How the Original Manuscript of Maimonides’ First Mature Work Made It from Morocco to Jerusalem

Dec. 14 2018

The great Jewish philosopher and rabbi Moses Maimonides completed his commentary on the Mishnah—the earlier stratum of the Talmud—in 1161, at the age of thirty. Although he had already settled in Cairo by then, he began work on the commentary seven years earlier, when he was probably still living in Morocco. Much of the original manuscript remains extant, and resides in Israel’s National Library; Daniel Lipson explains how it got there:

Maimonides’ family preserved the manuscript (along with other writings of his) and even added their own notes to it. On most of the pages of the manuscript kept at the National Library of Israel we can see the handwritten notes . . . of Maimonides’ grandson, Rabbi David ha-Nagid. This same David eventually immigrated to Syria, taking the manuscript with him. His family settled in the city of Aleppo. . . . At some point Maimonides’ family apparently split apart. It is likely that the famous patriarch’s relatives . . . decided to divide the manuscript into six fragments, each containing one of the six “orders” into which the Mishnah is divided. . . .

In an introduction to the first part of the commentary manuscript, Rabbi Solomon, one of Maimonides’ great-grandchildren, dedicated the text to God and to the past and future generations of his family, up until the coming of the messiah. [He] noted that all who wished to read the text were welcome to do so, as that was the wish of the author, but “he who commits the offense of selling or loaning with deposit will be damned by the God of Israel.”

We don’t know exactly who was cursed with eternal damnation, but one thing is certain: the manuscript was sold. Edward Pococke served as the priest of the English community in Aleppo during the years 1630-1634. While there he purchased the N’zikin (“damages”) and Kodashim (“holy things”) sections of the manuscript, taking them with him when he returned to England. He would later publish some of the material in a book in 1655.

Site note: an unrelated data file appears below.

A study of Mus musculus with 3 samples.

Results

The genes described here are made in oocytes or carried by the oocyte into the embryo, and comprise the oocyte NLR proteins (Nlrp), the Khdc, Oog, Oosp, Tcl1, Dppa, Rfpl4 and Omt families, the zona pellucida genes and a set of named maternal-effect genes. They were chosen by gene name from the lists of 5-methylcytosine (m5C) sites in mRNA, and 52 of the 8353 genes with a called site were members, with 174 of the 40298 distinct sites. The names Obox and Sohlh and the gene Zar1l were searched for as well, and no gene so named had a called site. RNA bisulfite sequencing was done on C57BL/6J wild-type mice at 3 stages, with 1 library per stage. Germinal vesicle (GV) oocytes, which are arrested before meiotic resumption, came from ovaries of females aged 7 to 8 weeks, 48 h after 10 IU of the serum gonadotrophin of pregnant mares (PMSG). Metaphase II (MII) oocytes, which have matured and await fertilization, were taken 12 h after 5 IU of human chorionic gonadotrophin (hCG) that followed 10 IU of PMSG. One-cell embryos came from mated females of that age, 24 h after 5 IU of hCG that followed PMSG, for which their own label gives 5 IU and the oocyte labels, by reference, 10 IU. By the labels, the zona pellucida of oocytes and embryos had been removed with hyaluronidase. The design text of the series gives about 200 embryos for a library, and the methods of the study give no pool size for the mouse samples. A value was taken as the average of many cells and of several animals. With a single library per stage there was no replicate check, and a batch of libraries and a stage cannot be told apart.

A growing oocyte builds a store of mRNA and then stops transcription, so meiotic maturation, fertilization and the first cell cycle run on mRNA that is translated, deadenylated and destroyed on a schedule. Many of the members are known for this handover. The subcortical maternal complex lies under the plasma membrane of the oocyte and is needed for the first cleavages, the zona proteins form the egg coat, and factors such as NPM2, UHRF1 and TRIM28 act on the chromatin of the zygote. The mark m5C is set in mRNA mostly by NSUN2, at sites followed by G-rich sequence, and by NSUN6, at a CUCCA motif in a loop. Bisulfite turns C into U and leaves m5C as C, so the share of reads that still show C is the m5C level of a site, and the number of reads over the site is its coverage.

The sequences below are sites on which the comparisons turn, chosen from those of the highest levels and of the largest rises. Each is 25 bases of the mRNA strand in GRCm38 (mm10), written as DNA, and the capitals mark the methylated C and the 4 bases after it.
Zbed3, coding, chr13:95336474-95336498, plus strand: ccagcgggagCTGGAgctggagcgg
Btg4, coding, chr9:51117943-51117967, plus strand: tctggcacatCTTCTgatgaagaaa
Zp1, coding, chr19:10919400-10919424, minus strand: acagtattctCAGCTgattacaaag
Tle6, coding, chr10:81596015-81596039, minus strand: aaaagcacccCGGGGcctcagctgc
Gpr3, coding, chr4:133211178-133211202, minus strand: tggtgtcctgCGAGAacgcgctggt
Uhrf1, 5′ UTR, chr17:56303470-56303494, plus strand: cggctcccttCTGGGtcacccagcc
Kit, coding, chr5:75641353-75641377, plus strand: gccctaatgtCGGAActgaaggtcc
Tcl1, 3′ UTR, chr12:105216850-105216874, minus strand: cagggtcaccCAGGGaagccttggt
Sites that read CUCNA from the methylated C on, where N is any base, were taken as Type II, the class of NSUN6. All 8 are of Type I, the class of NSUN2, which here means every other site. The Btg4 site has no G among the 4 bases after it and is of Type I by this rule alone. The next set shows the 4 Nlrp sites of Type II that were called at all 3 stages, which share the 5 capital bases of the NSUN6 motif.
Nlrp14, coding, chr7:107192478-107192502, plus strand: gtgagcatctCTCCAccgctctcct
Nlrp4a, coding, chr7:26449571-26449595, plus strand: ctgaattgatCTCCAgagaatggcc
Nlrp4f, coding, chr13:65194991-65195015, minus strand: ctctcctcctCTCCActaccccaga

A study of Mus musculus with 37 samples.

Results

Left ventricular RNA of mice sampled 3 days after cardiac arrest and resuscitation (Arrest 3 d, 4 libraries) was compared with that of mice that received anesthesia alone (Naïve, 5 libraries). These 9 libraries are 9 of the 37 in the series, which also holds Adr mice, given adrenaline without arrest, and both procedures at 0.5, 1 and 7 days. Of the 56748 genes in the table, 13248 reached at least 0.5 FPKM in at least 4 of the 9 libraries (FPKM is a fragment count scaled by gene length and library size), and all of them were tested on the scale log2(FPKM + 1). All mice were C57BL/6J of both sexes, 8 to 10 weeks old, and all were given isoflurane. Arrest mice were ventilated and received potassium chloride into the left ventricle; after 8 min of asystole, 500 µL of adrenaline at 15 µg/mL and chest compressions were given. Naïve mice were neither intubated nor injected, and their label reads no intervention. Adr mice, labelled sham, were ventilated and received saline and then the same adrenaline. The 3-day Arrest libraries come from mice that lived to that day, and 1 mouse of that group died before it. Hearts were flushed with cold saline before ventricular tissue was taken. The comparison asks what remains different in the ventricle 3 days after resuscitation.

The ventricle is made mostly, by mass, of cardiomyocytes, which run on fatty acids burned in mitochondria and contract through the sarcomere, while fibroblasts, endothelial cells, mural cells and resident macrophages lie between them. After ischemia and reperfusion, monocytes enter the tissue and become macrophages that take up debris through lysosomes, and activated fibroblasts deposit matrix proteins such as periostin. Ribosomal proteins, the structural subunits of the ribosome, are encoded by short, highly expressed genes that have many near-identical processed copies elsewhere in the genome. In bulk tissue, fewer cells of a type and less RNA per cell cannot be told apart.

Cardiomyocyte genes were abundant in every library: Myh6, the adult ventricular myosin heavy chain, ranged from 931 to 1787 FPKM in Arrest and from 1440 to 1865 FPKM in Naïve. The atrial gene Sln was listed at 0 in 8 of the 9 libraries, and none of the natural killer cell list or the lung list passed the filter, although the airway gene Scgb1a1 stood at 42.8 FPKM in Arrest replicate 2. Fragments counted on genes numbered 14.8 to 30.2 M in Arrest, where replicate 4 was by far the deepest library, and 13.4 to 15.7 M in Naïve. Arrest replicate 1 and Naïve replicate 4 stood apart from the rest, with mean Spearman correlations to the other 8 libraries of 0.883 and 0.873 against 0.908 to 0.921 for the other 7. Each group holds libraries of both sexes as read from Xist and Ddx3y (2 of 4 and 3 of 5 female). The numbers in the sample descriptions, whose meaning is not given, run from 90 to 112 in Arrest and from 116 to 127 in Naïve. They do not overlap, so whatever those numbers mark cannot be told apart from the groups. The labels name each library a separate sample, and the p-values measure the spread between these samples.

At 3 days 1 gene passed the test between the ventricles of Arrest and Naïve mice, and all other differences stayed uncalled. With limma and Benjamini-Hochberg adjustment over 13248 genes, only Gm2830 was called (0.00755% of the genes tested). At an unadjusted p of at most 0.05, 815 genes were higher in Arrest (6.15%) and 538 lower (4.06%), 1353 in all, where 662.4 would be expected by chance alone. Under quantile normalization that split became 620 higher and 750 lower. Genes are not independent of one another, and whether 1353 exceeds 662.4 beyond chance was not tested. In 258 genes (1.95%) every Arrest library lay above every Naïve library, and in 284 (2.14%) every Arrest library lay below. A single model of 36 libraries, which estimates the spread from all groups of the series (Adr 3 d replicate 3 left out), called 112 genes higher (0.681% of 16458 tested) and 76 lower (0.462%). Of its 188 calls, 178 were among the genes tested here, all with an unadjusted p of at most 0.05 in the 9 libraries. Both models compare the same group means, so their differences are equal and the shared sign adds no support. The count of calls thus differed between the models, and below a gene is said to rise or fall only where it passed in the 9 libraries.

Robert Huntington served in the same role as Pococke in Aleppo later that century. He managed to acquire the Zra’im (“seeds”) section dealing with prayer and agricultural laws. Huntington sold this segment to the University of Oxford in 1693, which also purchased Pococke’s collection during the same year, meaning the university was now in possession of three of the six orders. . . . We know nothing of the Tohorot (“purities”) section of the manuscript, which vanished somewhere in Syria. . . .


The Syrian Civil War May Be Coming to an End, but Three New Wars Are Rising There

March 26 2019

With both Islamic State and the major insurgent forces largely defeated, Syria now stands divided into three parts. Some 60 percent of the country, in the west and south, is in the hands of Bashar al-Assad and his allies. Another 30 percent, in the northeast, is in the hands of the mostly Kurdish, and American-backed, Syrian Democratic Forces (SDF). The final 10 percent, in the northwest, is held by Sunni jihadists, some affiliated with al-Qaeda, under Turkish protection. But, writes Jonathan Spyer, the situation is far from stable. Kurds, likely linked to the SDF, have been waging an insurgency in the Turkish areas, and that’s only one of the problems:

The U.S.- and SDF-controlled area east of the Euphrates is also witnessing the stirrings of internal insurgency directed from outside. According to the Syrian Observatory for Human Rights, “236 [SDF] fighters, civilians, oil workers, and officials” have been killed since August 2018 in incidents unrelated to the frontline conflict against Islamic State. . . . The SDF blames Turkey for these actions, and for earlier killings such as that of a prominent local Kurdish official. . . . There are other plausible suspects within Syria, however, including the Assad regime (or its Iranian allies) or Islamic State, all of which are enemies of the U.S.-supported Kurds.

The area controlled by the regime is by far the most secure of Syria’s three separate regions. [But, for instance, in] the restive Daraa province in the southwest, [there has been] a renewed small-scale insurgency against the Assad regime. . . .

As Islamic State’s caliphate disappears from Syria’s map, the country is settling into a twilight reality of de-facto division, in which a variety of low-burning insurgencies continue to claim lives. Open warfare in Syria is largely over. Peace, however, will remain a distant hope.